Veterans Groups Uncertain About Trump's VA Nominee

Jan 12, 2017

Some vets question whether President-elect Donald Trump's nominee for Secretary of Veterans Affairs -- a current VA Under Secretary -- will bring reforms to the agency.

President-elect Donald Trump's nominee for Secretary of Veterans Affairs is not a veteran himself. But for more than a year, Dr. David Shulkin has been the VA's Under Secretary for Health.

That means Shulkin is known to veterans groups.

Bill Hamblin, commander of American Legion Post 5 in Tampa, met Shulkin at the Legion’s annual convention in Cincinnati five months ago.

"He talked basic political rhetoric," said Hamblin, a Vietnam veteran who says he does not use the VA for health care.

Ellsworth "Tony" Williams also met Shulkin at the convention and has been emailing Shulkin's aides ever since with suggested changes at the VA. Williams is a mental health counselor and the founder of Veterans Counseling Veterans. He spent 24 years in the Army and is disappointed that Shulkin has never served in the military.

"It really takes a veteran to understand a veteran and have skin in the game." Williams said.

But Williams is hopeful that Shulkin will be like President-elect Trump's other cabinet selections, such as  the nominee for Defense Secretary, Marine Corps Gen. James Mattis. 

Army veteran Ellsworth "Tony" Williams and Air Force veteran G.W. "Bill" Hamblin have mixed feelings about VA Secretary nominee David Shulkin.
Credit Bobbie O'Brien / American Homefront

"Most of the people he has, they talk truth to power," Williams said. "I’m hoping that President-elect Trump used the same criteria when he selected the Secretary of the VA, that this is somebody who is going to talk truth to power and not just be there shaking hands and doing the politically expedient thing."

If approved by the Senate, Shulkin will assume control at the embattled department that has been under fire for years due to long waiting lines for benefits and health care.

“He's apparently convinced Mr. Trump that he is sufficiently qualified medically, clinically, administratively, from a policy perspective and philosophically to take the VA where it needs to go," said Jay Wolfson, an associate vice president for health law, policy and safety at the University of South Florida. "That's going to be a huge task."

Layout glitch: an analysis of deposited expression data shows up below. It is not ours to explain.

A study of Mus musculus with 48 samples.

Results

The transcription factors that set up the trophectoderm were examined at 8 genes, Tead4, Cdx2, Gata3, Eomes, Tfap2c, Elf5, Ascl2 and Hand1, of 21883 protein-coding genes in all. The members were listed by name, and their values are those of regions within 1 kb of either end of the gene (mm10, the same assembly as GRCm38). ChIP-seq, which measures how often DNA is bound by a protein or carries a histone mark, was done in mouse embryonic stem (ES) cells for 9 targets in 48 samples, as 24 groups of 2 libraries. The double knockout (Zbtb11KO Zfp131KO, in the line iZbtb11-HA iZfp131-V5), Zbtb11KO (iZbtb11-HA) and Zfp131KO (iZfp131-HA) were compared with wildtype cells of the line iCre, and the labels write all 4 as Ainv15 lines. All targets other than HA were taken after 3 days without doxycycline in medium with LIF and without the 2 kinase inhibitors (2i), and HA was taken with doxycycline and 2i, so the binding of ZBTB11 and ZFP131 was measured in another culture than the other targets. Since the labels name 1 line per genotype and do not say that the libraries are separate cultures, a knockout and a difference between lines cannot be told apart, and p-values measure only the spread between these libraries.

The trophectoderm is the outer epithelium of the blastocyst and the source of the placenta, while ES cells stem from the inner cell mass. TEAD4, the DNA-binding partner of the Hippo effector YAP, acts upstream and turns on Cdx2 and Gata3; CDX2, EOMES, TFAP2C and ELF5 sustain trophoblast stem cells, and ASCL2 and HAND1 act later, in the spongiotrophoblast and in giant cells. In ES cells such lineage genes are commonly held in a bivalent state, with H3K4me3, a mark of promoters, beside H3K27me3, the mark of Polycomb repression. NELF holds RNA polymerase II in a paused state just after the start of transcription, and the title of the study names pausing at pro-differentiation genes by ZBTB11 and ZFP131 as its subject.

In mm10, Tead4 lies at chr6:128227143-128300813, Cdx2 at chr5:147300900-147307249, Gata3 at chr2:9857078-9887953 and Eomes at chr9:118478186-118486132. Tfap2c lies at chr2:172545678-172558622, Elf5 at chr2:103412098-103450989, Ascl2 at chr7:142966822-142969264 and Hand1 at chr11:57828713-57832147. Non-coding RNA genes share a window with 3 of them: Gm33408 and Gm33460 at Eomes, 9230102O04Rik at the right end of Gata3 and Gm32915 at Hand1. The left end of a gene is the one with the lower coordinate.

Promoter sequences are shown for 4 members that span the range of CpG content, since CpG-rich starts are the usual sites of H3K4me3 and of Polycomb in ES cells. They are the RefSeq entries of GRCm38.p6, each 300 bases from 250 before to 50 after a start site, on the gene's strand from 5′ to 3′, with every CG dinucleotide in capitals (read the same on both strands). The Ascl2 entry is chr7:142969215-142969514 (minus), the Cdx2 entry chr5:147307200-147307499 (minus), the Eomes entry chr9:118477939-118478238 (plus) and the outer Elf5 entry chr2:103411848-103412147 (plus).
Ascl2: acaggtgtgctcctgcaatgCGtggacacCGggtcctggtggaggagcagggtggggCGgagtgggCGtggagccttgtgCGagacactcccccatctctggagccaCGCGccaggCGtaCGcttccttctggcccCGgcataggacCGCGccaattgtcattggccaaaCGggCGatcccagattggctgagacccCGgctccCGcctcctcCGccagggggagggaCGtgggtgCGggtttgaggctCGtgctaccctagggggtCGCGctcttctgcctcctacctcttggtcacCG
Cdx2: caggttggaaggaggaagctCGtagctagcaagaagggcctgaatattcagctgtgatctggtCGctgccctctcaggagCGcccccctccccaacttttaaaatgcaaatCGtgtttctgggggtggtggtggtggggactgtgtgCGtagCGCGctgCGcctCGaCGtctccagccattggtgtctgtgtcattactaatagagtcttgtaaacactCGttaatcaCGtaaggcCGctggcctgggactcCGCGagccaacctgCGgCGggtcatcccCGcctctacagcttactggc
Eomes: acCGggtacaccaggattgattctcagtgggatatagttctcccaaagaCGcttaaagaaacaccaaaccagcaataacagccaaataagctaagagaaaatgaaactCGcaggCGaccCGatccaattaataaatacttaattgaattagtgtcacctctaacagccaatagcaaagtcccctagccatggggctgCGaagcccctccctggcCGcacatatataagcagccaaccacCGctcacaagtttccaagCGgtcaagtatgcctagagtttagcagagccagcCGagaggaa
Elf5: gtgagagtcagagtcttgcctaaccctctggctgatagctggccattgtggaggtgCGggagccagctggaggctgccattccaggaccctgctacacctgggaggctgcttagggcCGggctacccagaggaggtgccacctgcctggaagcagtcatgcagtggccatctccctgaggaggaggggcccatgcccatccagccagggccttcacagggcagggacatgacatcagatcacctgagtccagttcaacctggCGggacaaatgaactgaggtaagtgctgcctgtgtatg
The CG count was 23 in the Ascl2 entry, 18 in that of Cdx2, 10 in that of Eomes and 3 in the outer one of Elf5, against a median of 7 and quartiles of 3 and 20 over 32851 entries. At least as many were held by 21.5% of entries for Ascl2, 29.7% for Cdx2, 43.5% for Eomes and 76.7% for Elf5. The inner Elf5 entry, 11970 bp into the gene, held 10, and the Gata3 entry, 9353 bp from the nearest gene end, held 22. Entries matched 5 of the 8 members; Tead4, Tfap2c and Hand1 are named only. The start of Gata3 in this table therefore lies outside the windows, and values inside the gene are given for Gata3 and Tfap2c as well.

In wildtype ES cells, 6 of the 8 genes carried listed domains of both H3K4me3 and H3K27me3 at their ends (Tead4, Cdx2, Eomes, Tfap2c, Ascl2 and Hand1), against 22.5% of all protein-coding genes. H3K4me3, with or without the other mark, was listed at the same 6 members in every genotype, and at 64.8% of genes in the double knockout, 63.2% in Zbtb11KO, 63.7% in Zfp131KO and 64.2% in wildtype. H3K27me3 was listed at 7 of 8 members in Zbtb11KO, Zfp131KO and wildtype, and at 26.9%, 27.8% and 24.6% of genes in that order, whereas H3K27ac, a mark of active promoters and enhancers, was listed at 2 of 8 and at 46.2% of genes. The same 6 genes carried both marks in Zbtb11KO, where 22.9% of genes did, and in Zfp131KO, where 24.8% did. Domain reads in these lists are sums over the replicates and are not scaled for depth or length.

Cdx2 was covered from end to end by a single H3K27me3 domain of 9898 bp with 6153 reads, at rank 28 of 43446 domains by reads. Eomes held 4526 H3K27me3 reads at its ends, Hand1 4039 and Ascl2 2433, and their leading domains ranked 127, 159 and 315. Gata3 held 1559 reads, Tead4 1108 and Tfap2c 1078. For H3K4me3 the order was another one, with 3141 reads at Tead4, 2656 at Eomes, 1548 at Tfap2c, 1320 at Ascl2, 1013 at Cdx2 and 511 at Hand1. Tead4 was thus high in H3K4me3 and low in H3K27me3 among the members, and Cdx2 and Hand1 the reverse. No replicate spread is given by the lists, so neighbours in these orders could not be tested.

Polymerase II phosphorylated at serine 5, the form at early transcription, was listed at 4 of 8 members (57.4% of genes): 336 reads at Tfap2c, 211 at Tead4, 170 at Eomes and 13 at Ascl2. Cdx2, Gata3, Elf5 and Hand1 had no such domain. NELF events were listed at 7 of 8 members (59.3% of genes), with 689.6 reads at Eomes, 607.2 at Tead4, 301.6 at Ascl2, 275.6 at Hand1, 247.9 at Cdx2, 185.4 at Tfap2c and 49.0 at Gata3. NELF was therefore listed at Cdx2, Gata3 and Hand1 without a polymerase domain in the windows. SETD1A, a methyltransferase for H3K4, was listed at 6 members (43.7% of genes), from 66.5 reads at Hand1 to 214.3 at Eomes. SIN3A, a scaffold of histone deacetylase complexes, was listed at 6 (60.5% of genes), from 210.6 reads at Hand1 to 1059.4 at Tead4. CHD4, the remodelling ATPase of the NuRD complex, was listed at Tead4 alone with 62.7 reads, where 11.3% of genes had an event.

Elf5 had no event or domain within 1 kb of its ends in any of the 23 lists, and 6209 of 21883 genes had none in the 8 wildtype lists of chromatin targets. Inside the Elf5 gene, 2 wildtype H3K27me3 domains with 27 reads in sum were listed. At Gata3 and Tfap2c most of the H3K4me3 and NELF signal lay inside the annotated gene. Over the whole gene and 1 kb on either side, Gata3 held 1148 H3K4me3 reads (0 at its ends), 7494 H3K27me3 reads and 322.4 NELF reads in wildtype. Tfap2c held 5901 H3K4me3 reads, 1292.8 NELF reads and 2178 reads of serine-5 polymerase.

Wolfson, who served as associate director of the VA's National Patient Safety Center of Inquiry, said it's an advantage choosing an insider like Shulkin who already has a working knowledge of the VA's complexities that can't be learned from an organizational chart.

"It certainly requires knowledge from inside," Wolfson said. "Otherwise, he'll spend the next two years figuring out how the VA works."

The Iraq and Afghanistan Veterans of America called Shulkin's selection "unprecedented" because he's not a veteran. Yet, an IAVA statement said he was the "best hope among candidates reported in the media."

The media speculation centered on candidates like former Alaska Governor Sarah Palin and former U.S. Rep. Jeff Miller (R-FL). 

The organization Concerned Veterans for America favored Miller and its former CEO, Pete Hegseth, now a Fox News commentator. The CVA wants veterans to have more choice to see private doctors outside the VA and other major reforms.

But CVA deputy director Nate Anderson doesn't disqualify Shulkin just because he comes from the Obama Administration.

"Overall, we want to leave that door open to working with him, while also acknowledging he's been part of the serious cleaning up that needs to happen," Anderson said.

And even though Shulkin is not a military veteran, he was born on an Army base in Illinois where his father served as a psychiatrist.